Scot Barnett

Scot Barnett

Associate Professor, English

Director, Composition

Education

  • Ph.D., University of Wisconsin-Madison
  • M.A., North Carolina State University
  • B.A., Penn State University

About Scot Barnett

My research and teaching interests include histories and theories of rhetoric, digital rhetorics, and the intersections between rhetoric and philosophy. In my most current research, I am interested in how rhetoricians’ conceptions and refusals of the nonhuman (from animals and things to technologies and natural phenomena) have informed understandings of rhetoric from antiquity to the present. Although rhetoric is often defined in terms of language—and thus bound closely to the agencies of human speakers and writers—my work examines the unheralded roles nonhuman beings have played in establishing an understanding of rhetoric as specific to “the human barnyard,” as Kenneth Burke says.

My book, Rhetorical Realism: Rhetoric, Ethics, and the Ontology of Things (Routledge, 2017), intervenes in recent debates surrounding new materialism and object-oriented ontology by considering objects that have accompanied discussions of rhetoric from antiquity to the present. At its heart, Rhetorical Realism seeks to dig deeper roots for new materialist and object-oriented theories within the history of rhetoric itself. As such, the book constitutes both a response and a contribution to contemporary rhetorical theory’s growing interest in nonhuman agents (objects, technologies, ecologies, and animals). For a discipline that often defines itself according to human speech and writing, the nonhuman poses a number of challenges and opportunities for rhetoric. To date, many of the responses to the nonhuman turn in rhetoric have focused on rhetoric’s compatibility with new conceptions of materiality, asking, for instance, if it is necessary to rethink rhetoric’s scope and meaning in order to accommodate nonhuman actors and agents. In Rhetorical Realism, I extend this work by transforming it into a new historiographic methodology attuned to the presence and occlusion of nonhumans and extra-human realities in rhetorical history. Through investigations of rhetoric’s place in Aristotelian metaphysics, the language invention movement of the seventeenth century, and postmodern conceptions of rhetoric as an epistemic art, my book expands the scope of rhetorical inquiry by showing how realist ideas have always helped to frame rhetoric’s meanings and limitations during key moments in its history. My argument, ultimately, is that all versions of rhetoric depend upon some realist assumptions about the world, most importantly, a reliance upon various mind-independent realities that serve to limit the pretensions of knowledge and language to capture the fulsomeness of the real. Rather than conceive of the nonhuman as a dramatic rupture or turning point in rhetorical theory, Rhetorical Realism encourages rhetorical theorists to turn another eye toward what rhetoricians have always done—defining and configuring rhetoric within a broader ontology of things.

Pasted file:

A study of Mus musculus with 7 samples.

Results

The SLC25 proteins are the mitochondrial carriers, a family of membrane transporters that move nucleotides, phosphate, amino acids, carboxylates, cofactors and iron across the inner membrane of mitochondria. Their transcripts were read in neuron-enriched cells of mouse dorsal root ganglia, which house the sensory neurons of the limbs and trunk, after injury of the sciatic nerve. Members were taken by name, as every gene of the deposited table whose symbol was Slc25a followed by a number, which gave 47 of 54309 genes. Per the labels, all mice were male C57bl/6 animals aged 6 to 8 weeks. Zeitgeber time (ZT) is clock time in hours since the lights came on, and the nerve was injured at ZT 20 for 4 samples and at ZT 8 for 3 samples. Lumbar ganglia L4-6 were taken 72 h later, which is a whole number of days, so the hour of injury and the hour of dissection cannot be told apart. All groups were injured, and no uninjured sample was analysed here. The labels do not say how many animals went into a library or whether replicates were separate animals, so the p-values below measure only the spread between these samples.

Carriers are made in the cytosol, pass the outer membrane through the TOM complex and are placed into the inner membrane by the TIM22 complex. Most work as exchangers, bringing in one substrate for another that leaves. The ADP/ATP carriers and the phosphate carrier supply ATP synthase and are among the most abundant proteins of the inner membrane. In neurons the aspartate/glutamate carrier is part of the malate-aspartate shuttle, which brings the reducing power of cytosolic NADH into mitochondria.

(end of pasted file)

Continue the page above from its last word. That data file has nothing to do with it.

In addition to this book, I also co-edited a book collection (with Casey Boyle from the University of Texas at Austin) that addresses rhetoric’s relationship to ontology. Rhetoric, Through Everyday Things (University of Alabama Press, 2016) brings together prominent scholars in the fields of rhetoric and composition to consider the ways everyday things—from the nineteenth-century stereoscope to the QWERTY keyboard—contribute persuasively to the gathering of social, political, and rhetorical worlds. Currently, I am working on a book entitled Carnal Rhetorics: Embodied Relations in Digital Art, which will examine embodiment’s fate after the nonhuman turn and the rise of nonhuman rhetorics.